Redefining the Placebo Effect

Placebos are often defined as ‘inert’, but this term from clinical research, is paradoxical – How can something inert have an effect upon the body? Furthermore, placebos can also include surgical interventions, psychological treatments, saline injections, sugar pills, but also conventional drugs which are administered to treat an unrelated condition i.e. if you were to give paracetamol to a patient to lower anxiety levels, because paracetamol would not have any standard pharmaceutical effect upon anxiety.

There is not one placebo effect, but many. These can be grouped loosely into two categories: conditioned and anticipatory responses. The venn diagram above, defines the differences between these two effects. The anticipatory response originates from the contextual cues of the placebo effect [see figure below] and can vary from culture to culture. It includes elements such as the hospital environment, a pill and medical examinations.

Wager Placebo Diagram

But the conditioned response is a direct response of the brain and/or immune system to a given stimulus. This response does not rely upon psychology or contextual cues and has even been demonstrated in animals. So how does it work? If a patient – or animal – was given medication in sweetened water for several days (the conditioning period), then the medication was removed, the patient would continue to respond to the sweetened water. This conditioned response has been found in many forms of medication: pills, liquid medicine, injections and can be very powerful. Unfortunately, this effect is usually limited in duration, but, studies have shown that it can make up a third of the treatment time without reducing efficacy. Harnessing the conditioned response is the primary focus of Yekize’s first project.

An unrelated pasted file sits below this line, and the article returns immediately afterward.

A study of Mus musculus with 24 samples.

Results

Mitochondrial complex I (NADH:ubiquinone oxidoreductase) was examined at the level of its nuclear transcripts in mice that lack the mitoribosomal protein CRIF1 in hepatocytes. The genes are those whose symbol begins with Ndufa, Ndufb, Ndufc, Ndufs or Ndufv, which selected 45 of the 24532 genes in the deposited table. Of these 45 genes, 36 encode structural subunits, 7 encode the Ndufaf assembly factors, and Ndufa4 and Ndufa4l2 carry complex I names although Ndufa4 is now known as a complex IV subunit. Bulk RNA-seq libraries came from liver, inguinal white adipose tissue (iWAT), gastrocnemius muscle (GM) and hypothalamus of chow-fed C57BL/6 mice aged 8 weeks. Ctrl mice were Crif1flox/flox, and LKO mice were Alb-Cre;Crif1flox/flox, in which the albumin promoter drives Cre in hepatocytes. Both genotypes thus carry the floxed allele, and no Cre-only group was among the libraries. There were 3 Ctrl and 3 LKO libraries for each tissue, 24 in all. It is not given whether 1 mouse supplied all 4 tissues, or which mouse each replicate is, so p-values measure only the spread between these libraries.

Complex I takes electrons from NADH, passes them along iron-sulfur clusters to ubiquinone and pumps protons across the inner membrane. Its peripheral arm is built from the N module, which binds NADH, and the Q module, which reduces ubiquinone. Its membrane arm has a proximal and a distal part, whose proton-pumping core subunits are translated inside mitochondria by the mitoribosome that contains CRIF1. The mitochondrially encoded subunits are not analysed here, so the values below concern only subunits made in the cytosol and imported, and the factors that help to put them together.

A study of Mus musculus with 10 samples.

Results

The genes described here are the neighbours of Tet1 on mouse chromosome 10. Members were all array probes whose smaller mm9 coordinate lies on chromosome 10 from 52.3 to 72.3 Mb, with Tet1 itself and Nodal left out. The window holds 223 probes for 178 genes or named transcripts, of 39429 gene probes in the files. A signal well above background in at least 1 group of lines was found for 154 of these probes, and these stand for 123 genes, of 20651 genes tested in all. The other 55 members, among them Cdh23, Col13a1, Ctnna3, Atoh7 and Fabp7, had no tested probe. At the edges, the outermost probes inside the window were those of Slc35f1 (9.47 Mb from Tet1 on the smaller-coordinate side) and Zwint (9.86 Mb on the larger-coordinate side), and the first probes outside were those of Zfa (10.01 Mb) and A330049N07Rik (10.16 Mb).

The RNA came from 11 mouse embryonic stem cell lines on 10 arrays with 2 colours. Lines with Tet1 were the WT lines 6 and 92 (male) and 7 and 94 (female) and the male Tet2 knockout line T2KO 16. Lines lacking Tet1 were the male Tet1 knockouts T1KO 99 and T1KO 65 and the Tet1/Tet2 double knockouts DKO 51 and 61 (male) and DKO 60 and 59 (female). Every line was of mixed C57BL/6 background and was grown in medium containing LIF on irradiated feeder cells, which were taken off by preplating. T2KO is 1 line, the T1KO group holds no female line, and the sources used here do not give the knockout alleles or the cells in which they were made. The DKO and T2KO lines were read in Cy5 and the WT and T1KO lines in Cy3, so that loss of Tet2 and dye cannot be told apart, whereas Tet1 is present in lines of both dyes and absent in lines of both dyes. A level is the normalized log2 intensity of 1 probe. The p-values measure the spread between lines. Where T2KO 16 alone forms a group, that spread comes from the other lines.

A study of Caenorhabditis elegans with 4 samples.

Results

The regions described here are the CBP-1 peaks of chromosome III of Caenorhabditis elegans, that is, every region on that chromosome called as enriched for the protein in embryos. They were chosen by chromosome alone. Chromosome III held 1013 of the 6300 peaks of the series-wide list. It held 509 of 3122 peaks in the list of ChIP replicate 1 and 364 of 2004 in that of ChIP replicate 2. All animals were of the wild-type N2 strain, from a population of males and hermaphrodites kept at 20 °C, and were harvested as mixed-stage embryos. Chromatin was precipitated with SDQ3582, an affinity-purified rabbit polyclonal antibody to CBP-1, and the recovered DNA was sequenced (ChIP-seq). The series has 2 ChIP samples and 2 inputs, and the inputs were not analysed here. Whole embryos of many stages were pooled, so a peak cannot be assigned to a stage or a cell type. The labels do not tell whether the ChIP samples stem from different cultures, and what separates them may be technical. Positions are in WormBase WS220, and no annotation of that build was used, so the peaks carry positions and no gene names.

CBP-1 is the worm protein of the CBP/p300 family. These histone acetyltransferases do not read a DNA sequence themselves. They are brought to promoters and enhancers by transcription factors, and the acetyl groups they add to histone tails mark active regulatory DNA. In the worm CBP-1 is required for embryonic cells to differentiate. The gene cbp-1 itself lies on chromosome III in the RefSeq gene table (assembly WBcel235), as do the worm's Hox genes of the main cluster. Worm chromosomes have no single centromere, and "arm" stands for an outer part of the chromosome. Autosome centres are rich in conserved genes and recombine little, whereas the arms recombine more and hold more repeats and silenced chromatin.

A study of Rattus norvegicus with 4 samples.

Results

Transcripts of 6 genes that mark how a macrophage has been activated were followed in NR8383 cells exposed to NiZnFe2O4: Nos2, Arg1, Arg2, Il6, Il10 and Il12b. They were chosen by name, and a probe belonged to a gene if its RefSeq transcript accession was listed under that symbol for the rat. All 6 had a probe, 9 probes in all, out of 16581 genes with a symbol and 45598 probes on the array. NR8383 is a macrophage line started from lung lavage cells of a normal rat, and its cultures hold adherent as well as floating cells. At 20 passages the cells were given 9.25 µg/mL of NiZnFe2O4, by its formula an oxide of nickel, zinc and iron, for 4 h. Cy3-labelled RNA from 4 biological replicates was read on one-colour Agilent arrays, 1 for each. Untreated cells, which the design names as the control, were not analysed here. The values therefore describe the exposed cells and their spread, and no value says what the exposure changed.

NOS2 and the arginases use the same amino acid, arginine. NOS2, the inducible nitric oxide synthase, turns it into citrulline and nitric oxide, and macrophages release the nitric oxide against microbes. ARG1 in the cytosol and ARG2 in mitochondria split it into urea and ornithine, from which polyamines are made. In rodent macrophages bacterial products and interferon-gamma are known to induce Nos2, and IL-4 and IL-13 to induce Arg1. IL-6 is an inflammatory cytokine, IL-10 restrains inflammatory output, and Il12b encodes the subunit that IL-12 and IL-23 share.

To return again to the venn diagram at the top of this page. The central point, where conditioned and anticipatory responses overlap, is of particular interest. It is anticipated, that treatments employing both the conditioned and anticipatory responses, are likely to have stronger effects. Much research still needs to be done in this area, but if the most powerful effects are to be found in this overlap, it is an area that needs to be explored further.

Finally, we shall confront one last myth about the placebo effect: that it always requires deception. The placebo effect does not always involve deception. For the conditioned response in particular, deception is not always required, because it is not thought to be psychologically mediated. However, deception can have a significant effect upon the strength of anticipatory responses. Current research is exploring the use of meta-placebos – where the patient is fully informed that they are taking a placebo. This research is predominantly being undertaken to explore how the placebo effect can be harnessed by primary care. The placebo effect is already commonly used in primary care, but discovering how we can do so, whilst keeping the patient informed, would be groundbreaking to the general approach.

To summarise:

Placebos are not ‘inert’, because they have direct effects upon the body.

There are at least two types of placebo effect: conditioned and anticipatory responses.

The conditioned response is a direct neuroimmune response by the body to a stimulus, following a period of conditioning.

The anticipatory response is a psychologically mediated response originating in the contextual cues of treatment.

Where these different types of placebo effects overlap, is thought to have the strongest effects.

The meta-placebo introduces informed consent to placebo treatments and is being explored continuously in current research.


Sources: Foot, D and Ridge, D. Constructing the placebo effect in the placebo wars: What is the way ahead? Health Sociology Review (2012) p355-369
Image Source: Wager, TD and Atlas LY. The neuroscience of placebo effects: connecting context, learning and health. Nature Reviews | Neuroscience 16 (2015) p403-418.